As India gets ready for the third mini-ministerial conference of the World Trade Organization (WTO) in Marrakesh, Morocco, next month, there is a query it could face from other member countries. How, and by when, will it phase out export subsidies that it provides under various foreign trade policies?
This is because low and middle income WTO members which are allowed to provide some export subsidies due to a special and differential treatment provision under the Agreement on Subsidies and Countervailing Measures are supposed to give up such concessions once their GNP per capita exceeds $1,000 per annum for three consecutive years. India has just breached that limit.
There is no doubt that India will have to provide an answer, and the government is working on it. But fixing a deadline for phasing out these exemptions is the least of the problems. What the government will have to do is to replace the subsidies in a way that ensures least disruption in the country's exports. This is a far more important issue,
It was in 2015 that the government had merged all major export incentive schemes like Focus Product Scheme, Market Linked Focus Product Scheme, Focus Market Scheme, Agriculture Infrastructure Incentive Scrip, etc, into a single scheme - the Merchandise Export From India Scheme (MEIS). Since then, the MEIS has been the most important form of direct support to exports. With the threat of phase-out of the MEIS, India's exports, reeling under years of decline until some recovery three months ago, will face huge problems in competitive pricing. The challenge before the government is to address that risk without losing face in the international trade grouping.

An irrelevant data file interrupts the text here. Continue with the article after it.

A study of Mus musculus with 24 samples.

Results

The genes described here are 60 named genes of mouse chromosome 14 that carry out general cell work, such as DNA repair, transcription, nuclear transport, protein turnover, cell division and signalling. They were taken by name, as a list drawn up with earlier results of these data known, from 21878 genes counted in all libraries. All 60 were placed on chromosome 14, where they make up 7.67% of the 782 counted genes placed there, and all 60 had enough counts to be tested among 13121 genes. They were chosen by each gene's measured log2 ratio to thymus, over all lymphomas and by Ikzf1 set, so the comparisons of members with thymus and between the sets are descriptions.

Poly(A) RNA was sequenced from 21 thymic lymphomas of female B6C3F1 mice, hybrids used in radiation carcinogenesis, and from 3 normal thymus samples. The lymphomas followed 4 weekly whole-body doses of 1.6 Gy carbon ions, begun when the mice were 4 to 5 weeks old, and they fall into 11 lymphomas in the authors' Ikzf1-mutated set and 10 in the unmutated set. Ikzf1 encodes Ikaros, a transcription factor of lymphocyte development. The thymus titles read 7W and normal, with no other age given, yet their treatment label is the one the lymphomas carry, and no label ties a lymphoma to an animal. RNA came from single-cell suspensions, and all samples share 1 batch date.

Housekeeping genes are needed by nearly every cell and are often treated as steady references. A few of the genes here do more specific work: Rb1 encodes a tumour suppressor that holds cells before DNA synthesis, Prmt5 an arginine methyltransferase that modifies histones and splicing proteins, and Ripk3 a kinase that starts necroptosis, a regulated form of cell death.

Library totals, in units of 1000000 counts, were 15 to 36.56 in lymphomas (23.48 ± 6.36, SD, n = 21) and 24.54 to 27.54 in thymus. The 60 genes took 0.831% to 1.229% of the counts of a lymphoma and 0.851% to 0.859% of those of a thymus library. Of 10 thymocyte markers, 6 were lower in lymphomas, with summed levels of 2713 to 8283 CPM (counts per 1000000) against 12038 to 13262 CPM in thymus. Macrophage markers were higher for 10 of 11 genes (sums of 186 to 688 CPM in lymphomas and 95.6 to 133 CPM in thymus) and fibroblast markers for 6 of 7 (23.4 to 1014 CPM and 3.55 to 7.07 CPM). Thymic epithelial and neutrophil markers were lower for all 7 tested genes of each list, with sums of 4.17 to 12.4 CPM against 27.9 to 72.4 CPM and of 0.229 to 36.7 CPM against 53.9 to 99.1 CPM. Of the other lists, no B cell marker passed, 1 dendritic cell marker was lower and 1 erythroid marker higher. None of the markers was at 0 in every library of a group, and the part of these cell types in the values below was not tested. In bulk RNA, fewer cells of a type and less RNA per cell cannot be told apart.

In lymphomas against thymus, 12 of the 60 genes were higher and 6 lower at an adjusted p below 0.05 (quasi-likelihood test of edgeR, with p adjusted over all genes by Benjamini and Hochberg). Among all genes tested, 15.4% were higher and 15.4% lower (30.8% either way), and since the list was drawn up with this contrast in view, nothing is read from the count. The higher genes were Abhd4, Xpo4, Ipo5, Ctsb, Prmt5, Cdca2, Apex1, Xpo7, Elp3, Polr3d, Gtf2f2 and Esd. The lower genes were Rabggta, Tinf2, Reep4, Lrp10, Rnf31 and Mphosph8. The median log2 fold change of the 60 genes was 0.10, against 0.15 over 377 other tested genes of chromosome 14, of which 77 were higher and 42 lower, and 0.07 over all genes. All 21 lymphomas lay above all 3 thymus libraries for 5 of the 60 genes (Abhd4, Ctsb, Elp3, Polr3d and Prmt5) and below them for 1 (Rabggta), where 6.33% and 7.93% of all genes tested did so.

Illustration by Safia Zahid
What should help the government is the fact that this crisis is not sudden. It was known right from 2010 that India would be moving towards this phase, sooner or later. There have been multiple rounds of consultations with stakeholders - industry, exporters, academia - on the subject. Suggestions range from production-linked support to industry-specific infrastructure support. The introduction of the goods and services tax (GST) was also seen as a measure to reduce the hidden costs paid by exporters. While the GST rollout has happened, the gains will not be visible until the transition pains are eased out and seamless input credit and credit back of IGST payments becomes the norm.
While the blueprint of the alternative arrangement is yet to be known, there is clear indication that there is a draft plan to enable the shift from export subsidy regime to production-based support. One can only hope that the long awaited Foreign Trade Policy review will chalk out those plans very soon.